Global coronavirus vaccine confidence rising but just 54% would have it next week, study suggests

Close up of a young woman getting vaccinated
An effective immunisation programme has long been hailed as a route out of the coronavirus pandemic. (Stock, Getty Images)

Global confidence in the safety and efficacy of coronavirus vaccines appears to be on the rise, but perhaps not quickly enough.

An effective immunisation programme has long been hailed as a route out of the pandemic, with experts repeatedly stressing the jabs have not been rushed.

While many are eager to get vaccinated and return to life as we once knew it, scientists from Imperial College London have reported just 54% of its survey’s 13,500 global respondents would take the jab if it was offered to them next week.

Perhaps reassuringly, this is an increase from November, when only 41% were willing to get vaccinated.

In the UK specifically, three coronavirus jabs have been approved: Pfizer-BioNTech, AstraZeneca-University of Oxford and Moderna.

Read more: Sputnik vaccine 91% effective against symptomatic coronavirus

Despite strong evidence these vaccines are both safe and effective, the French European affairs minister has said the UK took “enormous risks” in granting their approval, defending the slower jab roll-out in the EU.

Faster approval has meant 10 million Britons have now received their first coronavirus vaccine dose, according to health secretary Matt Hancock.

Unable to marshal the right cells and molecules to fight off the invader, the bodies of the infected instead launch an entire arsenal of weapons — a misguided barrage that can wreak havoc on healthy tissues, experts said. (Getty Images)
The coronavirus is said to be mild in four out of five cases, however, it can trigger life-threatening complications. (Stock, Getty Images)

Speaking of the Imperial study, its author Dr David Nabarro said: “It is very encouraging to see that as a number of safe and effective coronavirus vaccines are being rolled out across the world, there has been an apparent positive shift in people’s perceptions of these products.

“As vaccines will play a vital role in controlling the pandemic, leaders must act now to help more people understand the benefits of being vaccinated against COVID-19 [the disease caused by the coronavirus] and make sure no one is left behind.”

Read more: J&J’s one-dose vaccine 85% effective against severe COVID

The Imperial survey has unveiled stark differences in vaccine hesitancy across the 15 countries it was carried out in.

The UK was found to be the most pro-jabs, with almost four in five (78%) willing to have the vaccine, followed by Danes at 67%.

A previous YouGov survey similarly found four in five (80%) Britons are willing to have – or have already had – a coronavirus jab, making it the second most pro-vaccine country out of 24 nations.

Although unclear, up to 80% of people may need to be vaccinated against the infection to achieve herd immunity.


Nevertheless, the number of French people who strongly agreed to have the jab doubled from 15% in November to 30% in January.

In Australia, Japan, South Korea and Singapore, however, willingness to get vaccinated fell over that period.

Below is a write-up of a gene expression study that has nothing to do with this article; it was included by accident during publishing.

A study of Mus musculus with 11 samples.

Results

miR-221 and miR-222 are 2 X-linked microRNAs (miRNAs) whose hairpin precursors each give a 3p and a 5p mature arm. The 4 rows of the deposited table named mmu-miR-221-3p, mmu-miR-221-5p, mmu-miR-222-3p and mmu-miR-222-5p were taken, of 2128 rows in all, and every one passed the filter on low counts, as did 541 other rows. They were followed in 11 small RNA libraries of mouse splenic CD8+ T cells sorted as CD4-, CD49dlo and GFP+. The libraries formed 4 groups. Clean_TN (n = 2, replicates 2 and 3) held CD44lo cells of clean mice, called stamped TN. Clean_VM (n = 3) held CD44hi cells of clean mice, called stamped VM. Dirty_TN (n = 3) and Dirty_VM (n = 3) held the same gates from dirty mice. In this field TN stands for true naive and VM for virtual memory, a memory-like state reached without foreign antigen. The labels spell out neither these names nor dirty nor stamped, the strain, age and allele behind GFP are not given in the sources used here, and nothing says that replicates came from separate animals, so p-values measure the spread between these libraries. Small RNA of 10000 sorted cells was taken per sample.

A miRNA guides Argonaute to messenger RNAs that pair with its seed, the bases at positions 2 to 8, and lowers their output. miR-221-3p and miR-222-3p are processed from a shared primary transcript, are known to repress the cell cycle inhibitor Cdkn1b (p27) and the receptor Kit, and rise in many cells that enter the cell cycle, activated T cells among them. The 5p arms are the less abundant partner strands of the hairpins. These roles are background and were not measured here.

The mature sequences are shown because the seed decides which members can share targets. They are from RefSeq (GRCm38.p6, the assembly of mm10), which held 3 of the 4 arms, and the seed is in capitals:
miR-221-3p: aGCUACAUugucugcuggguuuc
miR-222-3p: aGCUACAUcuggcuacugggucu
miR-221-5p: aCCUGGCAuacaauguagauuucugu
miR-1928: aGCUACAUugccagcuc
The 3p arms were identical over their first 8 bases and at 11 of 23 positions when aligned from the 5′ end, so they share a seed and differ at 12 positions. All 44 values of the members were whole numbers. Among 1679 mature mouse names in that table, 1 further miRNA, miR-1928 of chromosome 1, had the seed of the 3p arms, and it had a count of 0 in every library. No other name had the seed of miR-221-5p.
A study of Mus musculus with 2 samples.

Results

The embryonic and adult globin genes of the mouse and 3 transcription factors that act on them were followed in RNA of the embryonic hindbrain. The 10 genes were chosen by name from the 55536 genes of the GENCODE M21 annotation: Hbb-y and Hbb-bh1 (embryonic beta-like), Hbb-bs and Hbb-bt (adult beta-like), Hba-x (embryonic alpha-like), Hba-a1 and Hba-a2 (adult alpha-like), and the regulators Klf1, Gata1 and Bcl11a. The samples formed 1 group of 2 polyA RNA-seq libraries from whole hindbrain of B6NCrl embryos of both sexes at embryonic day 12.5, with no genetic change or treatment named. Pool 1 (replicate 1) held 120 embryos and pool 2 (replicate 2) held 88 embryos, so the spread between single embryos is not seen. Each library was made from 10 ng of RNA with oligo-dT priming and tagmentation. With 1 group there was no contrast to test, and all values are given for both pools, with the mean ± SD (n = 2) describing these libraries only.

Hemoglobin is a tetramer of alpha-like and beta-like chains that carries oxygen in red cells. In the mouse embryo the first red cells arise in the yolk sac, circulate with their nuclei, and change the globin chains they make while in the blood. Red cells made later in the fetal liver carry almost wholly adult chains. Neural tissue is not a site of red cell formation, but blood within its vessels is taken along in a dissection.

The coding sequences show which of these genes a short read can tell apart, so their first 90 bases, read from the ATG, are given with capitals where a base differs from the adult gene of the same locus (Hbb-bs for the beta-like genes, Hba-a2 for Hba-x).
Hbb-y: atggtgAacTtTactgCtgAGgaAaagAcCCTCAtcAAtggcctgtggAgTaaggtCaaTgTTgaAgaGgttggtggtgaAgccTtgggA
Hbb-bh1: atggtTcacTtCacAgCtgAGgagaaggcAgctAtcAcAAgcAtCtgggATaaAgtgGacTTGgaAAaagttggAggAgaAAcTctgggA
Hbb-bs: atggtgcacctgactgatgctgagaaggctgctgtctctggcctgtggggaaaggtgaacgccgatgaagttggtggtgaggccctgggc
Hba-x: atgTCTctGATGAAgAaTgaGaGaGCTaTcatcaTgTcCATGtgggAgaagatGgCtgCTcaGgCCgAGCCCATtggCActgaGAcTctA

Perhaps reassuringly, concerns over vaccine side effects have declined in nine of the 15 countries, with less than half (47%) of the respondents worried about adverse events.

Read more: Should second coronavirus vaccine dose be delayed?

Amid concerns of severe allergic reactions to the Pfizer-BioNTech jab, scientists from the US Centers for Disease Control and Prevention reported just 21 anaphylaxis cases had arisen after more than 1.8 million vaccines were administered, with none of the patients dying.

The clinical trials that led to the three coronavirus jabs being approved in the UK similarly demonstrate their safety, with the vast majority of side effects being mild and fleeting.

In the Imperial study, two-thirds (66%) of the respondents understood jabs are important for public health.

The coronavirus aside, scientists from the University of Cambridge have reported global deaths among children under five would be 45% higher without just 10 vaccines.

The Imperial research follows an announcement by the French president Emmanuel Macron, stating the AstraZeneca-Oxford vaccine will only be administered to residents under 65.

Germany’s vaccine regulator also recommended people over 65 bypass that jab, citing a lack of efficacy data.

Clément Beaune, the French European affairs minister, similarly told LCI TV: “You see, the United Kingdom has taken fewer precautions than ourselves.”

On 28 January, Boris Johnson joined Public Health England (PHE) in defending the AstraZeneca-Oxford vaccine, with evidence demonstrating the jab “provides a good immune response across all age groups”.

Dr Mary Ramsay, head of immunisations at PHE, acknowledged there had been “too few cases” of the coronavirus among older participants in the AstraZeneca-Oxford phase 3 trial to be certain of of its efficacy in this age group.

Nevertheless, she added other data on the vaccine’s immune response are “reassuring”.

The AstraZeneca-Oxford jab is the only vaccine in the UK’s arsenal with evidence it wards off coronavirus transmission, rather than just protecting against severe disease.